DC motor control response time

Thread Starter

ASWIN VENU

Joined Sep 14, 2016
1
I'm working on a project which uses two motors which spin at slightly different speeds which are derived from a reference speed which may change very frequently. I plan to use separately excited dc motor. Due to the rapid variation of rpm it requires a fast speed of response, say a settling time of .1 to .5 seconds.My questions is if that is possible to attain such high speed of response? If so I would like to know what method(s) to use. I intend to use a 1Hp motor and the rpm ranges upto 1500.

Thank you.
 

MaxHeadRoom

Joined Jul 18, 2013
20,063
It depends greatly on the load and type a mechanical transmission, inertia etc , by 'separately excited' are you using the term in the accepted sense of separately excited field?
Max.
 
Last edited:

MrAl

Joined Jun 17, 2014
7,185
I'm working on a project which uses two motors which spin at slightly different speeds which are derived from a reference speed which may change very frequently. I plan to use separately excited dc motor. Due to the rapid variation of rpm it requires a fast speed of response, say a settling time of .1 to .5 seconds.My questions is if that is possible to attain such high speed of response? If so I would like to know what method(s) to use. I intend to use a 1Hp motor and the rpm ranges upto 1500.

Thank you.
Hi,

Controllers can be designed to do just about anything, but part of the problem is what the motor can take without a problem. There are usually limitations.

As you probably know, to get current to flow in an inductor fast you need a high voltage. Also, rotational inertia of the motor and load act almost like extra inductance so you need an even higher voltage to get the speed up to par quickly, and braking action to get it to slow down quickly.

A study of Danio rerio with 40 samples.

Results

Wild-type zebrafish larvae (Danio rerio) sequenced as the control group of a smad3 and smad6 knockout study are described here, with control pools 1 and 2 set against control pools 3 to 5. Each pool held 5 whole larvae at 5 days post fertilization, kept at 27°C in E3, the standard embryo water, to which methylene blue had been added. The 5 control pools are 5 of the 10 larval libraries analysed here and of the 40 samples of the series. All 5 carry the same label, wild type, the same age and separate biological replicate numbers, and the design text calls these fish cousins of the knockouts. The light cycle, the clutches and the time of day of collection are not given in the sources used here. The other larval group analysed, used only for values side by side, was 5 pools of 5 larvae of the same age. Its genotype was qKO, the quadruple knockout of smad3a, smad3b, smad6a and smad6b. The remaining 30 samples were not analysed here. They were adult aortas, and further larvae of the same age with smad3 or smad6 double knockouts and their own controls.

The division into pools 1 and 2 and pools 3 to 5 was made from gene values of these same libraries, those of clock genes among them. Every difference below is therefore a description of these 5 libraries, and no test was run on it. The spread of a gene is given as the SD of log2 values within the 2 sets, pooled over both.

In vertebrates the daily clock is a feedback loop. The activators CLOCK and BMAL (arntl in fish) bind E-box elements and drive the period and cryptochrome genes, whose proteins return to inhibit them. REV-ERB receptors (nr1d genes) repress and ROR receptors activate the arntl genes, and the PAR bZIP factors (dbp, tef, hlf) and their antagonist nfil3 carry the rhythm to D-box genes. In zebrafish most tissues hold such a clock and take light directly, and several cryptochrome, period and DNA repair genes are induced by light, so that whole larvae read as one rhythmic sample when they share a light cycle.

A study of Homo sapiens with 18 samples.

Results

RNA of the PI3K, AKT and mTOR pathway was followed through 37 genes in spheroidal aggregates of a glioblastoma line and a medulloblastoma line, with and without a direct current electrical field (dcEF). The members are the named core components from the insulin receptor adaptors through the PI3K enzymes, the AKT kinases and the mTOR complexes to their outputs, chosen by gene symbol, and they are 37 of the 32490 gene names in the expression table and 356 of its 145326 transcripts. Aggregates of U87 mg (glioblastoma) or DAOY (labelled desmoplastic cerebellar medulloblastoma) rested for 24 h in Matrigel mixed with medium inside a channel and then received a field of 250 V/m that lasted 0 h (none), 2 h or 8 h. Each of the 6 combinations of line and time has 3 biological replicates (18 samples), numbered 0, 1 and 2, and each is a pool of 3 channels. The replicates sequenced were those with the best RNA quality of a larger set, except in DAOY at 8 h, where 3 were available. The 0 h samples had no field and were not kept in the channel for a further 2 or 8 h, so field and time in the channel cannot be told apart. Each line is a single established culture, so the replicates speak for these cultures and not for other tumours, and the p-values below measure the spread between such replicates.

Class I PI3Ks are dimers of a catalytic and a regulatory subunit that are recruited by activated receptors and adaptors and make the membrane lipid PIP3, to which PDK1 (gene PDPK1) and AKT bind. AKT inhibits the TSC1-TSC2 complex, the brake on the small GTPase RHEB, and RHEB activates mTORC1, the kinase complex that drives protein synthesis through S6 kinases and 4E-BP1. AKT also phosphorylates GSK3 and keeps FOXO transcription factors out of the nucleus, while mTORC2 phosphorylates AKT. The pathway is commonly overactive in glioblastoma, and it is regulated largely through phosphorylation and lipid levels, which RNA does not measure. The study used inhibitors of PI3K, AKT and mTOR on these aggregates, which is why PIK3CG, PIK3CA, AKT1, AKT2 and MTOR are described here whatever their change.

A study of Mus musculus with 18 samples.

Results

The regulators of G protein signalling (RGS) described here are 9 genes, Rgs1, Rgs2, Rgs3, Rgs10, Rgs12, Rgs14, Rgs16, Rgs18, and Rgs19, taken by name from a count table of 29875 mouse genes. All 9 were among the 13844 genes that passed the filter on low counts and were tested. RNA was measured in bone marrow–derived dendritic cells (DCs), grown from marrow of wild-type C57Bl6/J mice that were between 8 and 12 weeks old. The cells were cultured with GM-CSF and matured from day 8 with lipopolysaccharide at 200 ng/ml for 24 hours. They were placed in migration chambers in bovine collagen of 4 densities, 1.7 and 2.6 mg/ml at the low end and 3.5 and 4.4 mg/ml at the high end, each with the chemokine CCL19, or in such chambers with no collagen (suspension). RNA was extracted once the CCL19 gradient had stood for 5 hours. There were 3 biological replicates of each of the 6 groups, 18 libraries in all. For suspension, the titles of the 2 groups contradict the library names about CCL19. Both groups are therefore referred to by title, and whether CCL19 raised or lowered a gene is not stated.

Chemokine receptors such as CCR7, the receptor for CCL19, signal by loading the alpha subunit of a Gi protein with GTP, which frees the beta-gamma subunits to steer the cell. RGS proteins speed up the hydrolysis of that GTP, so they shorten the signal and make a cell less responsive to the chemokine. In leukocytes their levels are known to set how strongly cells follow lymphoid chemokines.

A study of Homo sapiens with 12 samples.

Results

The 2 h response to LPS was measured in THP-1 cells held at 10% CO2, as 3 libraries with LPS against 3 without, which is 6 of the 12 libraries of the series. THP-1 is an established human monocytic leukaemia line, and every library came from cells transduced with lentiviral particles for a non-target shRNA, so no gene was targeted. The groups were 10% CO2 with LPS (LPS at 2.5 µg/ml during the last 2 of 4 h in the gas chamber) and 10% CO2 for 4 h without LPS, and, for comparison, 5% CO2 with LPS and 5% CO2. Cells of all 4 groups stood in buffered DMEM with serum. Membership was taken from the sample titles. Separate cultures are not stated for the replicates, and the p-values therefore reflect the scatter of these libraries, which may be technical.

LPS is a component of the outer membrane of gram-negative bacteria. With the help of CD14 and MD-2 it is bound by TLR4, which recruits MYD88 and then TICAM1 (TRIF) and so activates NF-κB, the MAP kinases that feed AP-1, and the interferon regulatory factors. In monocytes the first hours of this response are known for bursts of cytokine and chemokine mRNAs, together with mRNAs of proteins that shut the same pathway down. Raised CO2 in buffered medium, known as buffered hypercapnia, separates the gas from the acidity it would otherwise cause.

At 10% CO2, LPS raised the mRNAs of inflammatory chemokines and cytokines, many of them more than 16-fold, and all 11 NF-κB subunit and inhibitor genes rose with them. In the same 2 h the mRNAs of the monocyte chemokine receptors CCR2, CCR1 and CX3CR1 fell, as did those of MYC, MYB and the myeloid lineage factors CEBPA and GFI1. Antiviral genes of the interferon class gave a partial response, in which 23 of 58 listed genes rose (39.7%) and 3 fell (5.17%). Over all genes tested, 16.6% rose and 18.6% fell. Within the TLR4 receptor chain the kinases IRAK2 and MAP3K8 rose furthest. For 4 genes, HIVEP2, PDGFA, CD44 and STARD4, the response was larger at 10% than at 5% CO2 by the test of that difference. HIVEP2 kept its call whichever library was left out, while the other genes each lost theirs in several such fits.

How fast this can happen depends on what the motor can take as far as input voltage and that also means what voltage you have available. If you have say a 12v motor and you only have 12v available, then dont hope for too much unless that is enough to get the motor up to speed quick enough. And again since that depends on the motor and load parameters you need to know the motor and load parameters in order to predict what you can do with this system.
I can give you an example but it wont help unless you have the actual data for your system. To get that you probably have to look some things up and take some measurements.

The whole physical law at work here is F=m*a in the rotational sense. To get a particular acceleration you need enough force (F):
a=F/m

and the higher the force the higher the acceleration (a). In a motor the force comes from the current, and the current comes from the applied voltage. So to get a higher acceleration you need more voltage. If you cant apply more voltage then you are stuck with whatever acceleration you get from the voltage you can get. You could reduce the mass (m) also, but usually you cant do that because the motor and load have a fixed mass that cant be changed.